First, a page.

This is a continuation of the series reporting from our Panamerican roadtrip on what to expect when crossing the border by vehicle in Mexico and Central America.
Part 1: Exiting El Salvador and Entering Honduras (see Part 2 for Exiting Honduras and Entering Nicaragua)
Before our roadtrip we deliberated on how long we wanted to travel in Central America before reaching Costa Rica. We ultimately made the decision to skip visiting Honduras and instead traveled straight on through. Between El Salvador and Nicaragua is a small slice of Honduras that only took us two hours to travel, but for such a short drive this border required the most paperwork and the most money. We traipsed back and forth between different buildings and the copy shop before finally settling the paperwork. So without further ado, following is the steps for crossing the border into Honduras.
Entry Point: Pasaquina, El Salvador to Goascoran, Honduras
- Vehicle Title
- Vehicle Registration
- 2 copies each: title, registration, driver’s passport, driver’s Driver License (DL), driver’s passport page with Honduran stamp, driver’s Honduran tourist card, receipt for tourist card, canceled El Salvador vehicle permit, receipt for Honduran vehicle permit
- $3 for Visa
- $45 for vehicle permit
Leaving El Salvador took us longer than anticipated. In San Salvador we got stuck in morning rush hour traffic and then we took a wrong turn near the Honduran Frontera (border), which required some back tracking. The drive from El Salvador and through Honduras to reach our destination – Leon, Nicaragua – ended up being the longest day of driving for our whole trip, we clocked in at 12 hours. Road weary and hungry we arrived in Nicaragua in the pitch black of night.
Leaving El Salvador:
- About 1 km before the border stop at a white shack to the right. An official will take the vehicle permit and sign it to cancel it.
- Drive forward and take the fork in the road towards the left to reach the Oficina de Migracion el Amatillo. Park to the right of the building.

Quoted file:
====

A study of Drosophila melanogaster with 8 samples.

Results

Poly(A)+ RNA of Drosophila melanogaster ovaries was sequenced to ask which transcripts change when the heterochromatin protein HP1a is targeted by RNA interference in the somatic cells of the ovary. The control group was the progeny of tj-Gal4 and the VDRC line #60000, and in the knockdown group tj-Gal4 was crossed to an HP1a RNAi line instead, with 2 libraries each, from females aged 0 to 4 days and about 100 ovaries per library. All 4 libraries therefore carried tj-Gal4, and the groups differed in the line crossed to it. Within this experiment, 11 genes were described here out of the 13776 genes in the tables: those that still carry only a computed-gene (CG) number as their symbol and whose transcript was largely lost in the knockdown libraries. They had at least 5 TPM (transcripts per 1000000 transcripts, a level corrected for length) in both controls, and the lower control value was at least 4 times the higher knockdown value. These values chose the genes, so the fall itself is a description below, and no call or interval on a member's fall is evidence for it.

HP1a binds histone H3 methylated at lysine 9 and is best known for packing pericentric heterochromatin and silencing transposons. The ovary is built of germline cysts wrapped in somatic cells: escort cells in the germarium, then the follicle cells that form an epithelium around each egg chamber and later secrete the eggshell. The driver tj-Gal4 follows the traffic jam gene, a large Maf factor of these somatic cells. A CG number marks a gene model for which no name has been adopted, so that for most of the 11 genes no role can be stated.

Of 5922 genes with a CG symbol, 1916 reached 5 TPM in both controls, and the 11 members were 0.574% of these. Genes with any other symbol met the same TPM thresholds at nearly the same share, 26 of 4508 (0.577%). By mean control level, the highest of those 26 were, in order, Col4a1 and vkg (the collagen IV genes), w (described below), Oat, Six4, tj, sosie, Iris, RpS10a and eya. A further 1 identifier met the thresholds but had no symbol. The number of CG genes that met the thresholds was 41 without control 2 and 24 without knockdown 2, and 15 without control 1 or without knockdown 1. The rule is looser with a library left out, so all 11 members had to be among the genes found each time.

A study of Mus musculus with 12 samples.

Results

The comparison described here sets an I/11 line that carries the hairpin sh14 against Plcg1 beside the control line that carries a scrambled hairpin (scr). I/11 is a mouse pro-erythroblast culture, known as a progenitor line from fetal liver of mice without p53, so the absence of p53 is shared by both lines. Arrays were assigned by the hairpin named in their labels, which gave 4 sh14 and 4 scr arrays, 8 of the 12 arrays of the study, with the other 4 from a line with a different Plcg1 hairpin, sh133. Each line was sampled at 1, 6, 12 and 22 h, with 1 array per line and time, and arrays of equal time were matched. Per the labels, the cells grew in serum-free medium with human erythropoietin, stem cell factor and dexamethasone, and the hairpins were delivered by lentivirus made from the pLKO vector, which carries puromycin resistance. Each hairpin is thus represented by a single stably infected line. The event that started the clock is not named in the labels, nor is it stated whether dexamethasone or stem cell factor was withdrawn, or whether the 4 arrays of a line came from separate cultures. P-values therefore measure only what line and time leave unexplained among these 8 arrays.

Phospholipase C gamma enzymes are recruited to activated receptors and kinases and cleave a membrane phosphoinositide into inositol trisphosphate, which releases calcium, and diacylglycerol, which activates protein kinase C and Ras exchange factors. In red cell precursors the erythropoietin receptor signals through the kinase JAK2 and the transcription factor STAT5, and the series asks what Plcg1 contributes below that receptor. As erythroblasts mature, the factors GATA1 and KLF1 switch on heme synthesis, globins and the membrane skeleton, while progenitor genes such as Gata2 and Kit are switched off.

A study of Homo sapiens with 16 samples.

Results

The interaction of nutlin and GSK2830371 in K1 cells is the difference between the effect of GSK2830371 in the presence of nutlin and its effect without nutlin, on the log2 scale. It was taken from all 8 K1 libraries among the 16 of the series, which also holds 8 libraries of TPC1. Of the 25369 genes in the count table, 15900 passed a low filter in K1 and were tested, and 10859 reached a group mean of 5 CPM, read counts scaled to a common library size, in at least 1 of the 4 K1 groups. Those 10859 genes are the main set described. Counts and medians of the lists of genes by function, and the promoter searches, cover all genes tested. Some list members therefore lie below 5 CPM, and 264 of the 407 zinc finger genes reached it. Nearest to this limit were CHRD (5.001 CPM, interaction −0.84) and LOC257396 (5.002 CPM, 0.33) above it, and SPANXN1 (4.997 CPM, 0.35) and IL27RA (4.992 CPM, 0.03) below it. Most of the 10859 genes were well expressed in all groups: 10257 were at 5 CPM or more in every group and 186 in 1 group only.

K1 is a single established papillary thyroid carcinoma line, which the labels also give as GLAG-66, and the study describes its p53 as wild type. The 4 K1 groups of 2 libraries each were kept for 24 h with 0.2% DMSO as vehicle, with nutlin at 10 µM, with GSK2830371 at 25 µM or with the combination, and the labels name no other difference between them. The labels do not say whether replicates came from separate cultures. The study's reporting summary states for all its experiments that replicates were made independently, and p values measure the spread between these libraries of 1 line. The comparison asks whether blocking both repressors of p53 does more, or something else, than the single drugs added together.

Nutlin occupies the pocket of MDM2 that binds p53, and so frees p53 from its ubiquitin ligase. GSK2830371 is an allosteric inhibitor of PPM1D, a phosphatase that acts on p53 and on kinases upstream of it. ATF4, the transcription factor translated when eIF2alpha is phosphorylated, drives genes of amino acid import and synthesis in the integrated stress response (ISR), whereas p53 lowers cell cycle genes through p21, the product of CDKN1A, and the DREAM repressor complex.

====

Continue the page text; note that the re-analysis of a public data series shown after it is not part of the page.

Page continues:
- Go to the aduana (customs) building, present passport, and receive back a stamped slip of paper.
- Drive to the start of the next bridge where an official will collect the stamped slip of paper.
- Continue on to a second stop where an official reviews the canceled vehicle permit.
- Cross over the bridge to enter Honduras. Continue driving until you reach the aduana (customs) buildings to your left. An official will stop you and ask to see your title, passport and DL of the vehicle owner. Receive the documents back and park to the right. (Many guides will approach you to try to help you though the process for a fee. If you are not interested only show your paperwork to officials with shirts that say “aduana”.)
- First go to the Oficina de Migracion (immigration building) which is the Administrative Building to the right of the aduana, with red bars across the windows and doors. Fill out a tourist card and pay the $3 Visa fee. Receive a passport stamp, receipt, and tourist card.
- Go to the copy shop which is a little yellow building to the left of the aduana. Get two copies of driver’s passport page with stamp, tourist card, receipt, and canceled El Salvador vehicle permit.
- Go to the aduana building, which is the large white building in the center. At the row of windows in the wall an official will ask for the copies just made along with two copies of title, registration, and passport, plus the original El Salvador vehicle permit. Fill out a Declaration de Aduana form. A vehicle import stamp will be added to the vehicle owner’s passport. The official will also give you two documents: Permiso de Entrada and Consejo Hondureno de la Empresa Privada.
- Next go to the bank, to the left of the aduana, next to the copy shop. Give them the Consejo Hondureno document and pay the vehicle permit fee. Sign and receive a receipt and they will also stamp the Permiso de Entrada.
- Go back to the copy shop and make two copies of the passport with the vehicle import stamp and Permiso de Entrada.
- Finally, go back to the aduana, give all the copies you made and the receipt from the bank. You are now done.
- Return to car, continue driving past buildings until a guard stops asking to see passports and vehicle permit.
Driving through Honduras only took us two hours. The road up to the town of Choluteca was well paved and maintained. However, once you reach Choluteca and turn onto CA-3, a whole other experience awaits. The road was filled with pot holes and we found ourselves driving on the other side of the road many times to avoid them. The pot hole marked road continued for a while into Nicaragua before a newly paved road took over.